Like most markets for recyclable materials, the consumer market for re-refined oil is a slippery one to hold onto.
Although re-refined oil has be-come the standard for many environmentally conscious government and private sector fleets, manufacturers and retailers have yet to ful-ly tap the large, ever-elusive consumer market. Joint market devel- opment programs between local government agencies and the private sector may be the key to promoting this value-added recycled product to the general public.
Re-refined oil is made from used oil collected from lube shops, service stations and auto supply stores. The re-manufacturing process "cleans" the used oil by removing contaminants and extracting the base stock from the additives that give the oil its weight, viscosity and anti-oxidant properties. The base stock is then blended with a new additive package to create the different grades of oil, such as 10W-30 or 15W-40. The finished product reportedly meets stringent industry specifications and engine manufacturers' warranties.
New re-refined oil suppliers, in-cluding Arco, Chevron and Unocal, have entered the market, offering their re-refined products in bulk or in quart bottles for the general consumer.
The King County, Wash., Com-mission for Marketing Recyclable Materials promoted re-refined oil as part of its "Get in the Loop" campaign. The 1993 retail-level recycled product promotion was based on research which found that the public is willing to buy recycled products, but believe they aren't available. The campaign provided door signs, store posters and shelf tags to point out recycled products.
A partnership between the Mar-keting Commission and the Pacific Northwest auto parts supply chain increased sales of the regional, lesser-known brand of re-refined oil by 96 percent during the four-week campaign period (see chart). Through the partnership, the Mar-keting Commission provided store materials and advertisements while the retailer agreed to use the campaign's logo in all of its circulars.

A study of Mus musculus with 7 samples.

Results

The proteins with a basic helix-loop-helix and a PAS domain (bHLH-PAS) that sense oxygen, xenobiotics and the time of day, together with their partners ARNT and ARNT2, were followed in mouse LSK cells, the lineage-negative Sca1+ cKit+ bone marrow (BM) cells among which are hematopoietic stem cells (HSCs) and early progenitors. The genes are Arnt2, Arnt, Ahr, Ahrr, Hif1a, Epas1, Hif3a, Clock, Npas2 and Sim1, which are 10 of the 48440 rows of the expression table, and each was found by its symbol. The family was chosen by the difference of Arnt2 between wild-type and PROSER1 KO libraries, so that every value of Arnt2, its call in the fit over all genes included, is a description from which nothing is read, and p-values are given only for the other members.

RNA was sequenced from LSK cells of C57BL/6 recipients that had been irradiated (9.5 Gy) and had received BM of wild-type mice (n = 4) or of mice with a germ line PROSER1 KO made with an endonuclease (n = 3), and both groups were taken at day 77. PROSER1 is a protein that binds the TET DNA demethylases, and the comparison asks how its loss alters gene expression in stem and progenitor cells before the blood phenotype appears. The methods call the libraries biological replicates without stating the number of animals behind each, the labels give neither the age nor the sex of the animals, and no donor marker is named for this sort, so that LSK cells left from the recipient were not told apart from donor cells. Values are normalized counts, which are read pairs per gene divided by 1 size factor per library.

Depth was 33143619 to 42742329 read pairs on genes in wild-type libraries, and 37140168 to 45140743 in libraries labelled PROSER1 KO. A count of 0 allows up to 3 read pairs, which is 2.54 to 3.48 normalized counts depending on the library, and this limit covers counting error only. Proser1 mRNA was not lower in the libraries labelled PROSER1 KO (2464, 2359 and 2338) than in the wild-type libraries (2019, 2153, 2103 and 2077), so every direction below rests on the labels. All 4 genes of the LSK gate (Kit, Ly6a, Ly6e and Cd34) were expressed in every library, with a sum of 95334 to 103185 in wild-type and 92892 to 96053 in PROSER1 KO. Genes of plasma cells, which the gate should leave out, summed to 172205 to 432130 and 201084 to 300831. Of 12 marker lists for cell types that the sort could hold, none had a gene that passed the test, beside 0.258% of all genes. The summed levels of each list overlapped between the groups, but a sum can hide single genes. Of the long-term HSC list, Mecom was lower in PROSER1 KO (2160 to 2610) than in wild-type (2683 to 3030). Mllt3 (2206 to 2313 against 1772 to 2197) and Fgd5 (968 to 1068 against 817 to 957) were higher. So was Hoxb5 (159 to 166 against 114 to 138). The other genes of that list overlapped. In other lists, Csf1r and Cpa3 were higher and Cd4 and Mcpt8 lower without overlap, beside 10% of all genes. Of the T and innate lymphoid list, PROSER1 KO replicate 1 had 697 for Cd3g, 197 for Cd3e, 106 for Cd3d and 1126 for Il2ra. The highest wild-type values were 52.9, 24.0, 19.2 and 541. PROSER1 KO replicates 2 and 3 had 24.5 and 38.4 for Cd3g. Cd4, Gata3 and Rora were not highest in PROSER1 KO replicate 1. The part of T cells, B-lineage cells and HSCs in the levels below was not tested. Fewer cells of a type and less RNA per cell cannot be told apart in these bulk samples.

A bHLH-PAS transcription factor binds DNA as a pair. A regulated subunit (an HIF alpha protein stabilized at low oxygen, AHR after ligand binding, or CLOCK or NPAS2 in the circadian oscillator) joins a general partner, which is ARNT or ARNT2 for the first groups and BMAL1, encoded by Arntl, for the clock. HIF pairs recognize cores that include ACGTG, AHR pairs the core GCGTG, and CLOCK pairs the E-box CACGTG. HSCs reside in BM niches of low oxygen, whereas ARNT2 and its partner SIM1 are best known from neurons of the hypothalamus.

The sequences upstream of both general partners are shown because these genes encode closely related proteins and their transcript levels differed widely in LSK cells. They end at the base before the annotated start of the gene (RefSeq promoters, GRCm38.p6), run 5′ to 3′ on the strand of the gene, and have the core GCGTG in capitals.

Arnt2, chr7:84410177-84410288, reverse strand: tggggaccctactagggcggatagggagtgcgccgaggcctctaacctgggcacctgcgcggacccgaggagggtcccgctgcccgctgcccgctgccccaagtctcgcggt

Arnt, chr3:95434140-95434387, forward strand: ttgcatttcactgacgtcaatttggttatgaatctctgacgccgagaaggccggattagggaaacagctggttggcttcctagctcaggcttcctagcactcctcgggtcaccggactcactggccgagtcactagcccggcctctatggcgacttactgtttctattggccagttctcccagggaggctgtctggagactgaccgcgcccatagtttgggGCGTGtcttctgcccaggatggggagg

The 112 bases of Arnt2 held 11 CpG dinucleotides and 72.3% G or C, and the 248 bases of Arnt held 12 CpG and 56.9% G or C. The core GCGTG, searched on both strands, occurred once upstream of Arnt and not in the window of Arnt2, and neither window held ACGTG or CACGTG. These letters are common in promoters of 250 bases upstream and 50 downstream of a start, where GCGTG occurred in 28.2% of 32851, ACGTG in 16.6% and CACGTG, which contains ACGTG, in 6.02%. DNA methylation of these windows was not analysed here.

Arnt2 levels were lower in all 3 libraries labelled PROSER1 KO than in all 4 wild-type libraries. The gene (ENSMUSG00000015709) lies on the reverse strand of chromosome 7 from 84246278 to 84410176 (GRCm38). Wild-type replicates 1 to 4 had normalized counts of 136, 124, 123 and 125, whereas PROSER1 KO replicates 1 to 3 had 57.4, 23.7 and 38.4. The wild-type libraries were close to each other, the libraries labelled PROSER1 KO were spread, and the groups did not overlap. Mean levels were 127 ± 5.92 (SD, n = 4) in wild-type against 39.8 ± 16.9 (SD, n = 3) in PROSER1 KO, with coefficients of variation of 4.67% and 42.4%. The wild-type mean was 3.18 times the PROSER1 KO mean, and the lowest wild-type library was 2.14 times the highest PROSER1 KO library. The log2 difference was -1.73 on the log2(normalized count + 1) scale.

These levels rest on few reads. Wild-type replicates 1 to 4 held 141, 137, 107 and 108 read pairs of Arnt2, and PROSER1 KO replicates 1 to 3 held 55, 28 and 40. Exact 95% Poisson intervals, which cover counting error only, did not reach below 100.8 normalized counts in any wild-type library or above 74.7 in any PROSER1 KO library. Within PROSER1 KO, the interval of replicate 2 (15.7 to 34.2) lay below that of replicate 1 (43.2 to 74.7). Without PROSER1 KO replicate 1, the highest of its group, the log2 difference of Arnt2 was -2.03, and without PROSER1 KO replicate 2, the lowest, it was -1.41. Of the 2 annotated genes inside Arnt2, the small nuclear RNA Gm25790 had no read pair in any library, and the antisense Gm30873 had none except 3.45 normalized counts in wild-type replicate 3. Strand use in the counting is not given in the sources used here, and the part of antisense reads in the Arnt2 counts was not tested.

This is a significant increase since the do-it-yourself oil changer is often brand loyal. Major oil companies spend tremendous amounts of money to achieve this loyalty and to build a presence within a store. Also, an established consumer base already exists that buys re-refined for its environmental benefits and, often, is willing to pay a higher price. In contrast, the 1993 campaign attracted new customers whose brand loyalty or perceptions about re-refined oil were changed.
The Marketing Commission also targeted the quick lube market to increase re-refined oil sales. These customers are not as brand loyal as the do-it-yourselfer; are often well educated; can be motivated by price discounts; and are interested in fast, quality service.
The program provided select quick lube shops with target advertising material and funded a direct mail coupon for a re-refined oil change. As an added incentive, participating lube shops were signed up for the 1994 "Get in the Loop" Campaign. This package, in addition to being a member of a large, high-profile campaign, dramatically increased sales.
For example, a Seattle lube shop increased re-refined oil sales from just a few oil changes per month to more than 130 during the four-week campaign.
The Marketing Commission will implement a public education campaign in 1995 to target existing re-refined oil distributors and retailers and solicit new retail locations. The program will educate consumers on the quality and availability of re-refined oil.
Although re-refined oil market development is growing, it is still in its infancy. As King County discovered, the secret to success rests in a public-private partnership.